The US National Institutes of Health (NIH) has reported positive results from its Phase I clinical trial of selumetinib to treat children with the common genetic disorder neurofibromatosis type 1 (NF1) and plexiform neurofibromas.
Provided by UK-based AstraZeneca, selumetinib is an orally administered, potent and selective inhibitor of MEK 1/2.
MEK 1/2 are considered important for the RAS-ERK pathway, which if activated, triggers cancer growth and progression, including in patients with KRASm non-small-cell lung cancer (NSCLC).
Conducted at the NIH Clinical Center and three other sites, the multicentre Phase I trial examined 24 children who were administered with doses of selumetinib on a twice-daily basis over a period of 30 months.
The trial was primarily focused on testing the safety and toxicity of selumetinib, while using it to treat patients with NF1 and inoperable plexiform neurofibromas.
Results suggested sustained shrinkage in tumours of up to 20% or more for a period of two years and had halted disease progression in the trial participants.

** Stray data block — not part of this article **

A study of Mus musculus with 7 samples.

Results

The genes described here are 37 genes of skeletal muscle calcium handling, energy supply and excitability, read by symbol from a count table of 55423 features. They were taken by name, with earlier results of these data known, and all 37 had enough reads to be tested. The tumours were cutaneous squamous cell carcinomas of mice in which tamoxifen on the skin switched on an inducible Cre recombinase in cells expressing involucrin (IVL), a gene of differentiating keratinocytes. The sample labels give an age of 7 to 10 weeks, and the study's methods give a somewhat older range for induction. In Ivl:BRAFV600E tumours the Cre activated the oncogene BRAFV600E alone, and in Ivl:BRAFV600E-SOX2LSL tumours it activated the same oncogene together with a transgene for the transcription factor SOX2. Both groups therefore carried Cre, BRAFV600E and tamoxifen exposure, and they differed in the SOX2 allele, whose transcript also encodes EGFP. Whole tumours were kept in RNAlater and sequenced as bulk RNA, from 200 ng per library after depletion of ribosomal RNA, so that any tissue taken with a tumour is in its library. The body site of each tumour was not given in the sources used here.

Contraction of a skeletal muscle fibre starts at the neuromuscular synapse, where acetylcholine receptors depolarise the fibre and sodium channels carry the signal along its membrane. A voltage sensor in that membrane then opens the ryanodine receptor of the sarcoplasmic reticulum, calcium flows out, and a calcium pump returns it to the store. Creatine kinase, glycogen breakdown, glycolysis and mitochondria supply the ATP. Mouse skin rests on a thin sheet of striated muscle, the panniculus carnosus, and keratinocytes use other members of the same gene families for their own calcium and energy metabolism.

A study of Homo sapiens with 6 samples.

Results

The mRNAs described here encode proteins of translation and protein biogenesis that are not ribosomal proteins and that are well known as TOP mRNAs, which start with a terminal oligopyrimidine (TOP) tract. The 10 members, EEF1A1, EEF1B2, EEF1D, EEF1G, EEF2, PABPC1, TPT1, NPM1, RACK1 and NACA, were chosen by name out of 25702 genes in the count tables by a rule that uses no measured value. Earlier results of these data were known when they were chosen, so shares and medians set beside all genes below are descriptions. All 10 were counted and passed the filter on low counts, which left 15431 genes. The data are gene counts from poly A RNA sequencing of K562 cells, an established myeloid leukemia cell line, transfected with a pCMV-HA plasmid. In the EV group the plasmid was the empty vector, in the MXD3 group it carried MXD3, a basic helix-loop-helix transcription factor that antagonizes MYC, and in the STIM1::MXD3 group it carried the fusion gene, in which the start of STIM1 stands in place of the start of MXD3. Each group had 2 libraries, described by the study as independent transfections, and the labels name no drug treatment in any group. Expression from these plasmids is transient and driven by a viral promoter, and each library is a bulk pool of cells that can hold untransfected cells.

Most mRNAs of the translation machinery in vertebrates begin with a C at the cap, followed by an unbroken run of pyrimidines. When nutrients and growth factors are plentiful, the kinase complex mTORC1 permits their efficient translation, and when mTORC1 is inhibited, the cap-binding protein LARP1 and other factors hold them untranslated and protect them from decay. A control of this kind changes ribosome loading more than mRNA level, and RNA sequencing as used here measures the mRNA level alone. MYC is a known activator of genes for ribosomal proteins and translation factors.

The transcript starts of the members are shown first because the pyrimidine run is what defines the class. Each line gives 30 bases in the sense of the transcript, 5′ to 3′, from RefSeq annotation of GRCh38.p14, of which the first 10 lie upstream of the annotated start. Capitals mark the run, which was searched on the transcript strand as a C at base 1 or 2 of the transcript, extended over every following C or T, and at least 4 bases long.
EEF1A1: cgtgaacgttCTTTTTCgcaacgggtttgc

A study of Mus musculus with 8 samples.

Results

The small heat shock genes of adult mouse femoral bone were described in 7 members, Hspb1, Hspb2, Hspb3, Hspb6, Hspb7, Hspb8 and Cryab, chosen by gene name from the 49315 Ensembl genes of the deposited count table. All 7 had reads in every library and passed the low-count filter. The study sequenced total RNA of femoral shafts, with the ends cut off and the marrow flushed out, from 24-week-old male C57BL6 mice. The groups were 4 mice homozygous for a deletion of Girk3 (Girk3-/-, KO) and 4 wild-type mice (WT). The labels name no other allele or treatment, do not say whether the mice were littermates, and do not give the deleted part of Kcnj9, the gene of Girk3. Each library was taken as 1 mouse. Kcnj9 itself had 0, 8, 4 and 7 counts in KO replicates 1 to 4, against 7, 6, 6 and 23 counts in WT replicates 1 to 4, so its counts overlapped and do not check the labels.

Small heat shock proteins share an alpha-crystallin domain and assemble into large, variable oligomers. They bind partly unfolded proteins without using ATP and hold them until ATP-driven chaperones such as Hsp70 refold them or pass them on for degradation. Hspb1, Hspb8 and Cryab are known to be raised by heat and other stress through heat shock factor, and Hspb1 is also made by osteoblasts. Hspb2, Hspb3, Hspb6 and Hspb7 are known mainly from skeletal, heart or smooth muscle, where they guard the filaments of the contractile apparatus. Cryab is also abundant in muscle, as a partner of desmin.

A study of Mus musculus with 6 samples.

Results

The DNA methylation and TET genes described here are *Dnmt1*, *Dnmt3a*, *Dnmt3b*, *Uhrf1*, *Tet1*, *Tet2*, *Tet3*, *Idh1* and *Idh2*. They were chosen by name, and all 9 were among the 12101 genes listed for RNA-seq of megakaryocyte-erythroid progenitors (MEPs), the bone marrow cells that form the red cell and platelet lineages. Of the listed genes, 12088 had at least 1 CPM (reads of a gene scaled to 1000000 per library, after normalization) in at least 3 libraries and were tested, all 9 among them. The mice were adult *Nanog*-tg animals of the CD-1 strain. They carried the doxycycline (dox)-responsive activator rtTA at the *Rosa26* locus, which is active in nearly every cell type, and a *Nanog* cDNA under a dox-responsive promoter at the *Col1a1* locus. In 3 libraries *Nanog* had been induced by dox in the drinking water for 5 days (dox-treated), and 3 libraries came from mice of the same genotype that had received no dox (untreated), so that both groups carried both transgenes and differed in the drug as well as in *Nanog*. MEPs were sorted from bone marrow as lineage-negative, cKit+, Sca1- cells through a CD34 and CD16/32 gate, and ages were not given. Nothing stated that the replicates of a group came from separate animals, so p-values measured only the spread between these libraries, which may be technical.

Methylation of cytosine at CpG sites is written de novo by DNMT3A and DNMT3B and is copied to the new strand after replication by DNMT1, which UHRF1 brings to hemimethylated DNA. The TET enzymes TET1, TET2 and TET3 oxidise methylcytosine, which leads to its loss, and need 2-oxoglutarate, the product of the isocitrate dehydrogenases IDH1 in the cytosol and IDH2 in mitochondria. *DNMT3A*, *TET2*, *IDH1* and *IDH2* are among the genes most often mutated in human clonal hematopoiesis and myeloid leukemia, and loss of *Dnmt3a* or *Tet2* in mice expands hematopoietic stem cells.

National Cancer Institute (NCI) pediatric oncology branch acting lead and study lead Brigitte Widemann said: “Some may say that a 20% volume reduction is too small to be meaningful, but to me, just stopping the growth of these devastating tumours is an important achievement.
“The difference we see in these patients is truly unprecedented.”
NIH is including patients in a larger Phase II pediatric trial to determine the efficacy of selumetinib in treating children by measuring tumour volume and analysing plexiform neurofibroma related disfigurement, pain, quality of life, and function.
Image: Biopsy of cutanous neurofibroma. Photo: courtesy of KGH.